What’s been happening?

Pound Sterling – UK Markets 

The pound rose to its highest level against the dollar in nearly two weeks testing above 1.29 on Tuesday. However, the fact that it was virtually unchanged vs. the euro suggests that this move was caused by the dollar weakness rather than a stronger sterling.

Ahead of the meeting between the EU's chief negotiator Michel Barnier and his British counterpart Dominic Raab, British Trade Minister Liam Fox said that chances of a no-deal Brexit were not negligible and a no-deal Brexit outcome would be a big “geo-strategic mistake” for Europe. “If the EU decides that it wants to put the ideological purity of the bureaucracy of Brussels ahead of the well-being of the people of Europe, it will send a very big signal to the rest of the world about exactly where Europe is heading,” Fox told Sky News in an interview.

In a joint press conference at the end of the first day of Brexit talks, Barnier stated that it was unlikely to have a deal before November and added that Brussels wouldn’t accept any responsibility if they failed to reach an agreement. On the other hand, Raab reiterated that the UK would be prepared for all eventualities and they needed to step up the pace of negotiations in order to finalize the deal by November.   

US Dollar – US Markets

The dollar extended its losses against its peers on Tuesday amid a lack of fundamental drivers and the US Dollar Index, which tracks the buck against a basket of six major currencies, fell to its lowest level since August 9. The S&P 500’s record-breaking rally seems to have caused a flow of capital into stocks from the dollar.   

Meanwhile, Robert Kaplan, the president of the Federal Reserve Bank of Dallas, published an essay in which he voiced his support for further gradual rate hikes. “The Federal Reserve is meeting its full employment and price stability objectives. As such, we should be removing accommodation in a gradual manner in order to get to a neutral policy stance,” Kaplan said and added: “With the current fed funds rate at 1.75 to 2 percent, it would take approximately three or four more federal funds rate increases of a quarter of a percent to get into the range of this estimated neutral level.”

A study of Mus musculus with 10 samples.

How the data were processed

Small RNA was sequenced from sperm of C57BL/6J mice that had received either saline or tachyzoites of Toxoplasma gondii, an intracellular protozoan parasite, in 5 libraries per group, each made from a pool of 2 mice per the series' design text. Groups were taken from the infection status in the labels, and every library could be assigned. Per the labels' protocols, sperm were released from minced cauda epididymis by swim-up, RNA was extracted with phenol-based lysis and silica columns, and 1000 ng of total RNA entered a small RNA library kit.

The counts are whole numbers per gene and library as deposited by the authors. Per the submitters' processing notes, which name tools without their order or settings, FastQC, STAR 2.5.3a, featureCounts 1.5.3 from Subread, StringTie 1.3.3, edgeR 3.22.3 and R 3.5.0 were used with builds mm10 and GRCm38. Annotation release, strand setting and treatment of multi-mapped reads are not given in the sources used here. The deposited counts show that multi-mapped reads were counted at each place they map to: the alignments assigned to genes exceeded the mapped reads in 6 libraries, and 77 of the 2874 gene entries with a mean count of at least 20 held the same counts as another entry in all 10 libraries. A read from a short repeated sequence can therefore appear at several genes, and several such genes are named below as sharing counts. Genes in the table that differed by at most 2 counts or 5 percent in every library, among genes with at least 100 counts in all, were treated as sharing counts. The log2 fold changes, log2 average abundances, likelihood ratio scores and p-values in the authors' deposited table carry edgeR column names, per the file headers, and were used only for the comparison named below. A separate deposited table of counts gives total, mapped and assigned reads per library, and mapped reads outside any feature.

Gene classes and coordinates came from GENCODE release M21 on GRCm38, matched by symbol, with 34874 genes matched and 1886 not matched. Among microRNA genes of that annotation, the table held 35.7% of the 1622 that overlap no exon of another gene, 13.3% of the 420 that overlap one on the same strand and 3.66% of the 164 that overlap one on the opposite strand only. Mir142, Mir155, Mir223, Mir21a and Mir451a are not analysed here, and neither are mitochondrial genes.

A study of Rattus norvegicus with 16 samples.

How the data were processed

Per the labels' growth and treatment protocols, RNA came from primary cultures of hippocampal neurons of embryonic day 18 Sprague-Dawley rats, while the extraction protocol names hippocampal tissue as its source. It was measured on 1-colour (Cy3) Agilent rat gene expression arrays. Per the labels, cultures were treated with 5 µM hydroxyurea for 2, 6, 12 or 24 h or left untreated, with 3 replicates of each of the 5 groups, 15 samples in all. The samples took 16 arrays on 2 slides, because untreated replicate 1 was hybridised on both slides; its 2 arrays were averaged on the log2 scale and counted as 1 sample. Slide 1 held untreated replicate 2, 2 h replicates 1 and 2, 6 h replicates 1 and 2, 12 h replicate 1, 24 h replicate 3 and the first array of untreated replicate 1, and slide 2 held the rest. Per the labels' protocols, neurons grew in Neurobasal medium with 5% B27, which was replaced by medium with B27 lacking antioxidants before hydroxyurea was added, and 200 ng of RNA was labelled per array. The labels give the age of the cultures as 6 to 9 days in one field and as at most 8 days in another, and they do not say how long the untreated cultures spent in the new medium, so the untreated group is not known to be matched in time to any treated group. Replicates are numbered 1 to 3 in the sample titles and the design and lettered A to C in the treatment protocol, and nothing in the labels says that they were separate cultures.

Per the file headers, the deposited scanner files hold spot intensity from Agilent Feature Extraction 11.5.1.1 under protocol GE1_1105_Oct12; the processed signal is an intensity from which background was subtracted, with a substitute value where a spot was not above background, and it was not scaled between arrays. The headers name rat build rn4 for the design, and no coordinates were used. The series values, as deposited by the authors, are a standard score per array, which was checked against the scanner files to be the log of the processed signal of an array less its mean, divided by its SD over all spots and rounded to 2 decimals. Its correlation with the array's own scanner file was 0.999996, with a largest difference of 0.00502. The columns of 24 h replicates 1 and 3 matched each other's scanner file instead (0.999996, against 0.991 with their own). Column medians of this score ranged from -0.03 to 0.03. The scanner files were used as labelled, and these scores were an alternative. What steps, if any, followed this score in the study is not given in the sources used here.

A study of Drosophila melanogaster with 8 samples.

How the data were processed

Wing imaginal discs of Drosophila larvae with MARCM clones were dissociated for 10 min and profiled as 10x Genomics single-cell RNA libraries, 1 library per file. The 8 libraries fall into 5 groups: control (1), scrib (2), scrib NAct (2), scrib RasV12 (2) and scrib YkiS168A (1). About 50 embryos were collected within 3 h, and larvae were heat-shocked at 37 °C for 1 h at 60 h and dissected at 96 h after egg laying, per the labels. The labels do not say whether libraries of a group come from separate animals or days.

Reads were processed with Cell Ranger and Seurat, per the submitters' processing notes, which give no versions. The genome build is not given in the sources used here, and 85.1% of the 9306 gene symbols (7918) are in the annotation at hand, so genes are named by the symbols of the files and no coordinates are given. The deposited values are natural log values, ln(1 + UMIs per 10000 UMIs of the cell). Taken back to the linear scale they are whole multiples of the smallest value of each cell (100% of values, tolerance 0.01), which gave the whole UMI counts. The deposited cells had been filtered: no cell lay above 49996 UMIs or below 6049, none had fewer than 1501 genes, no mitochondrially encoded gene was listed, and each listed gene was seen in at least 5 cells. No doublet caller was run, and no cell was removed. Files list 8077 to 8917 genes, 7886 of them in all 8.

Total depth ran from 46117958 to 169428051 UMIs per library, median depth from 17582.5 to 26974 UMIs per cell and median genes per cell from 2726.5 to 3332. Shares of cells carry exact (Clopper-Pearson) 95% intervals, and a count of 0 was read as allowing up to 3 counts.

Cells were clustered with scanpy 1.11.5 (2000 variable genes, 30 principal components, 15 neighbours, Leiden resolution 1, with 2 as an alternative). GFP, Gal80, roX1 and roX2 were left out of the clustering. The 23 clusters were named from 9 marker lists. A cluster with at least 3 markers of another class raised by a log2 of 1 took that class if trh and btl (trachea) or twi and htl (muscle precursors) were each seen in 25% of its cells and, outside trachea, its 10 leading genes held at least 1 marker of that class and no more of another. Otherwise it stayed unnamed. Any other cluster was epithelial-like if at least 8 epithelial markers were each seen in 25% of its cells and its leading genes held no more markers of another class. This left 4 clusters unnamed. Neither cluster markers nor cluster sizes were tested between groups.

Euro – European Markets

The euro continued to rise vs. the dollar on Tuesday as concerns over the economic crisis in Turkey having a negative effect on the eurozone eased after DBRS, a global credit rating agency (CRA), reported that impact on European banks with exposure to Turkey would be manageable. “DBRS considers the overall impact to be manageable given the banks’ diversified business models and strategies in place for their emerging markets exposures,” the publication read. 

Meanwhile, responding to US President Trump’s claims about Europe manipulating its currency, Jurgen Hardt, a key ally of Chancellor Angela Merkel, told Bloomberg that neither Germany or Europe had any intentions to manipulate the euro and it was in the United States’ own hands to stabilize the dollar. Also on Tuesday, citing sources familiar with the matter, Reuters reported that European Union leaders were planning to hold an emergency summit in November to consider any Brexit agreement struck with the UK.

What’s coming up? 

UK: With a quiet economic docket in the UK on Wednesday, investors will be looking for fresh developments on Brexit negotiations.

US: The National Association of Realtors will release the existing home sales data on Wednesday. Later in the American trading hours, the FOMC will publish the minutes of its August meeting. 

EU: There won’t be any macroeconomic data releases from the euro area on Wednesday.